There's a highly charged competition going on in Los Angeles right now, and it’s between manufacturers of electric buses. Transit agencies around the country are going electric. San Francisco has been buying biodiesel hybrid buses and electric trolleys for years.
Los Angeles wants to go electric, too.
L.A.'s transit agency, Metro, has a goal of converting its bus fleet to 100 percent electric by 2030. The agency says it will spend around $100 million a year in contracts.
There are at least 10 companies in Southern California making and selling battery electric buses. The biggest is the Chinese company BYD, which has a factory in Lancaster employing over 500 people, and Ebus in Downey. The Silicon Valley startup Proterra, with a new assembly plant in City of Industry, likens itself to the Tesla of electric buses.
But is it possible the capital of car culture is advancing the art of the humble bus, even as Metro currently grapples with a fall in bus ridership?
“We’re basically becoming the Detroit of electric transportation,” says Jeff Joyner, co-chair of the E4 Mobility Alliance, an industry council working to bring advanced transportation to the Southland.
“We had the supply chain from the aerospace industry … so those same engineers and those same companies that were supplying motors and various capacitors and technologies related to batteries are now supplying this advanced transportation industry,” according to Joyner.
Metro Prepares to Go Electric
To get an idea of what’s at stake here, consider a contract the Metro board approved on July 27. The agency agreed to spend more than $138 million for 95 buses from the Canadian company New Flyer, which has a service center in Ontario, California, and the Chinese-owned BYD.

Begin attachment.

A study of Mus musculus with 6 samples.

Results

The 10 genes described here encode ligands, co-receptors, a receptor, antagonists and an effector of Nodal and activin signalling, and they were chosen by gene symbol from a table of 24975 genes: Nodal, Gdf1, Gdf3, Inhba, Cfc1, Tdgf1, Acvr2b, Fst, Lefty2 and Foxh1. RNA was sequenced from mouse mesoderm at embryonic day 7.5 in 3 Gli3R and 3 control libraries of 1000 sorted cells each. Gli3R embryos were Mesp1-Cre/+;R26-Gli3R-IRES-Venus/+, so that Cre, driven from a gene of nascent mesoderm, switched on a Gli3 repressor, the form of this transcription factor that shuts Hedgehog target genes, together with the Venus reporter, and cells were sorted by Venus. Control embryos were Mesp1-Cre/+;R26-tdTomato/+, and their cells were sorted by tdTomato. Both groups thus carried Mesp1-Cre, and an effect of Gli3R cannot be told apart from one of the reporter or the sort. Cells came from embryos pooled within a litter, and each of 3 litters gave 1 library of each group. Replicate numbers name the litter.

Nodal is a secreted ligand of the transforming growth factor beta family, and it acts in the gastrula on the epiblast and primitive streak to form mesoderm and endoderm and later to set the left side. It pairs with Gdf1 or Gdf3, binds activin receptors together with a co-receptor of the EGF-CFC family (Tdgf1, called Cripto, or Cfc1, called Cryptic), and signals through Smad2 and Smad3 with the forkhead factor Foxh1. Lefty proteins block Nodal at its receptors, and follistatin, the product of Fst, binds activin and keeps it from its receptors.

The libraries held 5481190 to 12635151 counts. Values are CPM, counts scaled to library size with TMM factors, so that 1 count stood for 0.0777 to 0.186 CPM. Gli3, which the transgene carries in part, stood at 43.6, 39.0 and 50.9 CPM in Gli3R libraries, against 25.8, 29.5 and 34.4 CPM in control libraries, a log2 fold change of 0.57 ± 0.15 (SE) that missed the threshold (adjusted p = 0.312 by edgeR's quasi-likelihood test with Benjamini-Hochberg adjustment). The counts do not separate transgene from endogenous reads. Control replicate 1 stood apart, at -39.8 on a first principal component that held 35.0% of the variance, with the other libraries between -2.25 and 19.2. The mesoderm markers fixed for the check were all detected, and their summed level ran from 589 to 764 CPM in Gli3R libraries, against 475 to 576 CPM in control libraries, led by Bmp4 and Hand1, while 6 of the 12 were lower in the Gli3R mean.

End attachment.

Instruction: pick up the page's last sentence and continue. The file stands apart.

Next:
These buses will run on Metro’s Orange Line busway in the San Fernando Valley and in the Silver Line carpool lane along the Harbor and San Bernardino freeways. It’s the agency’s cautious first step toward its 2030 zero-emission bus goal.
In 2011, Metro fully replaced its diesel buses with compressed natural gas (CNG) buses that are nearly as clean as their electric counterparts. It is still buying CNG buses, even as it moves toward converting its entire fleet of 2,300 buses to all-electric.
Metro’s goal of going all-electric by 2030 fits with the state’s clean energy goals. Lawmakers recently extended the state’s cap-and-trade program -- a market-based system to limit emissions -- and state utilities are moving toward generating 60 percent renewable energy by 2030.
Proterra’s New Factory
One of the electric bus companies that hopes to win future contracts with the agency just got to work in Los Angeles' City of Industry. Proterra’s $20 million West Coast facility opened there officially with a big party on July 26, which Gov. Jerry Brown attended.
“I’m really impressed with people who invent stuff, who make stuff, who use their hands," Brown said at the ceremony. "In my business we only use our mouths -- that’s our big expertise.”
Proterra has sold about 400 buses to transit agencies all over the country, including in the Central Valley. Their buses are already on the roads in Seattle, San Antonio, Stockton and Reno. And, they make up the entire fleet for nearby Foothill Transit in the San Gabriel Valley.
“I’m hoping to get to the point where Tesla is called the Proterra of carmakers, but we’re not quite there yet,” said Proterra CEO and president Ryan Popple. He previously served as the senior director of finance for Tesla.
Proterra was founded in 2004 and began assembling their electric buses in Greenville, South Carolina. Their new facility in City of Industry is meant to serve West Coast transit agencies. The company’s headquarters in Burlingame is also the location of its battery testing facility.